Abstract

The dissolved major ions and amount of suspended sediment were determined in five glacial milks from the United States, seven from the Alps, three from Norway, and meltwater from two glaciers in the Antarctic. Highest dissolved silica, 8 ppm Si, was found in Emmons and Nisqually glacial milk, Mt. Rainier, where the country rock is largely andesitic volcanic. Lowest silica, .42 ppm, was determined in glacial milk from granite in Norway. Highest dissolved Ca, 26.6 ppm, and Mg, 7.6 ppm, were determined from Diablerets and Trient (Alps) milk respectively, from limestone terrain, but milk from greenstone, ophiolite, and diabase at Zermatt (Alps) is also high in Ca and Mg. Highest K, 1.72 ppm, was determined from Chamonix (Alps) glacial milk from granitic rock, but K was also high in milk from Mt. Rainier andesite. Highest Na, 3.05 ppm, and P, 1.54 ppm, were found in Emmons and Nisqually milk. Composition of country rock, and the rock's susceptibility to hydrolysis and solution control the dissolved load of glacial milk. The pH values of all glacial milks were 6.4–7.5 except those from Norway (4.1–4.5).

The pH of rock slurries, made by pulverizing under water in the laboratory rocks from the moraines of the glaciers, ranged from 8.2 to 9.8 and correlated with abrasion pH of their constituent minerals. The pH of the slurries ran higher than the pH of corresponding glacial waters. Dissolved constituents in rock slurries were commonly higher in concentration than those in glacial milks: Si was commonly 4–6 times higher; Ca, 2 times; Mg, 2–15 times; K, 20–40 times; and Na, 10–20 times. Concentration of dissolved Si tends to increase with concentration of Na and K, but decreases with Ca and Mg. Factors effective in rock dissolution are rock texture, composition, pH of hydrolysate, and exposure to CO2.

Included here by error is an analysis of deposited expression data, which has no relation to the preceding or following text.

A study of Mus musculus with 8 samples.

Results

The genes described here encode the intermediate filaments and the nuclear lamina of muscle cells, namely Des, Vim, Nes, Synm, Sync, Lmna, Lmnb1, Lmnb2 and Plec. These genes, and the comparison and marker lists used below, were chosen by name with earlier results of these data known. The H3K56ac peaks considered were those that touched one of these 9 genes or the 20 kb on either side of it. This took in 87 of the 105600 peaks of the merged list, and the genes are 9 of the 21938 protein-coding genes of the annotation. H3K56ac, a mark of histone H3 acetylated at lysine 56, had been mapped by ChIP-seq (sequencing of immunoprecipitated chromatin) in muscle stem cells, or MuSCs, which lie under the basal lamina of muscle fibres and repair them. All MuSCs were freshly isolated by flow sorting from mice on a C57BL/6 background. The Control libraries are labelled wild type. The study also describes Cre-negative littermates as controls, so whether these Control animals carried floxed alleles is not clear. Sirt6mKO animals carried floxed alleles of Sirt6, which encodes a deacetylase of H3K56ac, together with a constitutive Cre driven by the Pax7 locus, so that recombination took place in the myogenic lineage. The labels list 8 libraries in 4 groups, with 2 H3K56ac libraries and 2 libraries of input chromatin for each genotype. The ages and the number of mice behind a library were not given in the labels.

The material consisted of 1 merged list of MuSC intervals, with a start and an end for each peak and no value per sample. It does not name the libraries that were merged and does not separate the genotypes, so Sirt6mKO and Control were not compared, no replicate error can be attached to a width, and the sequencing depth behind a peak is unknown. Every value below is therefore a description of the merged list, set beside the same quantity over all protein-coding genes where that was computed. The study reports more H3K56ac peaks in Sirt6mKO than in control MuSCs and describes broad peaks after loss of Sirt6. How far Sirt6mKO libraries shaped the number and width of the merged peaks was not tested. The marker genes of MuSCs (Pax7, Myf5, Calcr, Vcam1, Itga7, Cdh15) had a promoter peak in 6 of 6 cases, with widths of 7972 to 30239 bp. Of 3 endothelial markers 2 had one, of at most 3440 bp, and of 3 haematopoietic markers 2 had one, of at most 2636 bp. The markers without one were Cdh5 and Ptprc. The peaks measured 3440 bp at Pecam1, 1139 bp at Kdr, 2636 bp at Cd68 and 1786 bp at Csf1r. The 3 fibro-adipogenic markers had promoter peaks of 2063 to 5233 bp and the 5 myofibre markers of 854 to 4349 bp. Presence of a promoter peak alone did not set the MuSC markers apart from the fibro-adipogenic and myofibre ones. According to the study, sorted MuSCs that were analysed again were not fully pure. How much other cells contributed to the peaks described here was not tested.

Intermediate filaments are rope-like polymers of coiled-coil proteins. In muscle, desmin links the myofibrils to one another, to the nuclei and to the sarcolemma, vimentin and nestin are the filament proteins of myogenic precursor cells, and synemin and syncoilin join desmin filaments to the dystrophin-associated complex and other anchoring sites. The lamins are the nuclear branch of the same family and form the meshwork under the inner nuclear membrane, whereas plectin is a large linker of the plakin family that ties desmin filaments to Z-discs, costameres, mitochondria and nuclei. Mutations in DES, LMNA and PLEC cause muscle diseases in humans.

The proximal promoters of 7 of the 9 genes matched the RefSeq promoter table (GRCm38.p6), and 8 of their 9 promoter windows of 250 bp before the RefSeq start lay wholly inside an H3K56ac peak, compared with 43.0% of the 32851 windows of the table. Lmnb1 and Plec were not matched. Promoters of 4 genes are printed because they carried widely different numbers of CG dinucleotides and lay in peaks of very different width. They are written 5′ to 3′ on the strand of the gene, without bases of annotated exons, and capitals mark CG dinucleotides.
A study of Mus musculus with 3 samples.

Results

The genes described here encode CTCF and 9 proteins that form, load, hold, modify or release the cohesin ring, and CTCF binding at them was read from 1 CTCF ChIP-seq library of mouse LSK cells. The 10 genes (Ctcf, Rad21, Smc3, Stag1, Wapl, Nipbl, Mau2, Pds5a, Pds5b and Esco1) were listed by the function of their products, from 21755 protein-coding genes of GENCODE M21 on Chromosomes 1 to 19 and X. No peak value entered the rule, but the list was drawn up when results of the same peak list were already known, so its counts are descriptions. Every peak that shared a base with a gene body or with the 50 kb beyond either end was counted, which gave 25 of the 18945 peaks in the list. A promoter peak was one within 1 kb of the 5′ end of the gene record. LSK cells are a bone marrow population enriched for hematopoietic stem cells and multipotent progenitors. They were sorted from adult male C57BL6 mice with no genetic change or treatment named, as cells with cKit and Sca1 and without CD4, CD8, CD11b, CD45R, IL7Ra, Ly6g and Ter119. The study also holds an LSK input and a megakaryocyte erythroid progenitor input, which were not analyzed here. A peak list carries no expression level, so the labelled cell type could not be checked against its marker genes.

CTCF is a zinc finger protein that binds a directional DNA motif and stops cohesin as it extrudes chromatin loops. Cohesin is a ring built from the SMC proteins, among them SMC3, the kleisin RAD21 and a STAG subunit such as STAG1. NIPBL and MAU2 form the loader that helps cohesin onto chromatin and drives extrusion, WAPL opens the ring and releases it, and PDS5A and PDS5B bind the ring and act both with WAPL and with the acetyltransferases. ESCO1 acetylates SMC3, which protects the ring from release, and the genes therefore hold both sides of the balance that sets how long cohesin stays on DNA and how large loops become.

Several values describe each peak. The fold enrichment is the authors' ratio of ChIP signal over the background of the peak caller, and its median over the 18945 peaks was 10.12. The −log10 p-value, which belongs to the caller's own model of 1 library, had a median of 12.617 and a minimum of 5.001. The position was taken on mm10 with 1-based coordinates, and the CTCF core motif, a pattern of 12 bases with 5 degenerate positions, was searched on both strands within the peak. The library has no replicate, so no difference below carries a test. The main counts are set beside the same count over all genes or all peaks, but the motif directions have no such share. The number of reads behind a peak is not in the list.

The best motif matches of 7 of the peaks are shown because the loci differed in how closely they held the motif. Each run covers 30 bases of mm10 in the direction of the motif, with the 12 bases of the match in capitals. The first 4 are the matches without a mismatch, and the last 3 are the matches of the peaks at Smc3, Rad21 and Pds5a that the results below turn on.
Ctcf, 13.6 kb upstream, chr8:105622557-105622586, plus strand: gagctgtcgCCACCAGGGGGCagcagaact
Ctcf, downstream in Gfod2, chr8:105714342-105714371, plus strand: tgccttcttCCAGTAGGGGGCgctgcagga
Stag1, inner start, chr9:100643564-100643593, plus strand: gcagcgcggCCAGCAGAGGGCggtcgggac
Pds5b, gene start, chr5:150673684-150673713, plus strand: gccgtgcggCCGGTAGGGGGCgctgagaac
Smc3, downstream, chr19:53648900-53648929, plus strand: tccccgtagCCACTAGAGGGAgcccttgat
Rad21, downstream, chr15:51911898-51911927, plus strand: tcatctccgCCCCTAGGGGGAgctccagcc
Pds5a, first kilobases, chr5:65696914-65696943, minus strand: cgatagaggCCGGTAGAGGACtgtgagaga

The amount of suspended matter in glacial melt-water is controlled by the character of the rock eroded, glacial abrasion, and glacial melting. Emmons’ milk carried approximately 7100 ppm solids; Grinnell, Chamonix, and a milk from Norway, approximately 5 ppm. Electron micrographs are presented.

Glacial milk is a valuable contributor to sustaining fertility of soil because dissolved elements are immediately available to plants and ion-exchange complexes in the soil, and rock flour releases ions moderately readily because of its high specific surface area.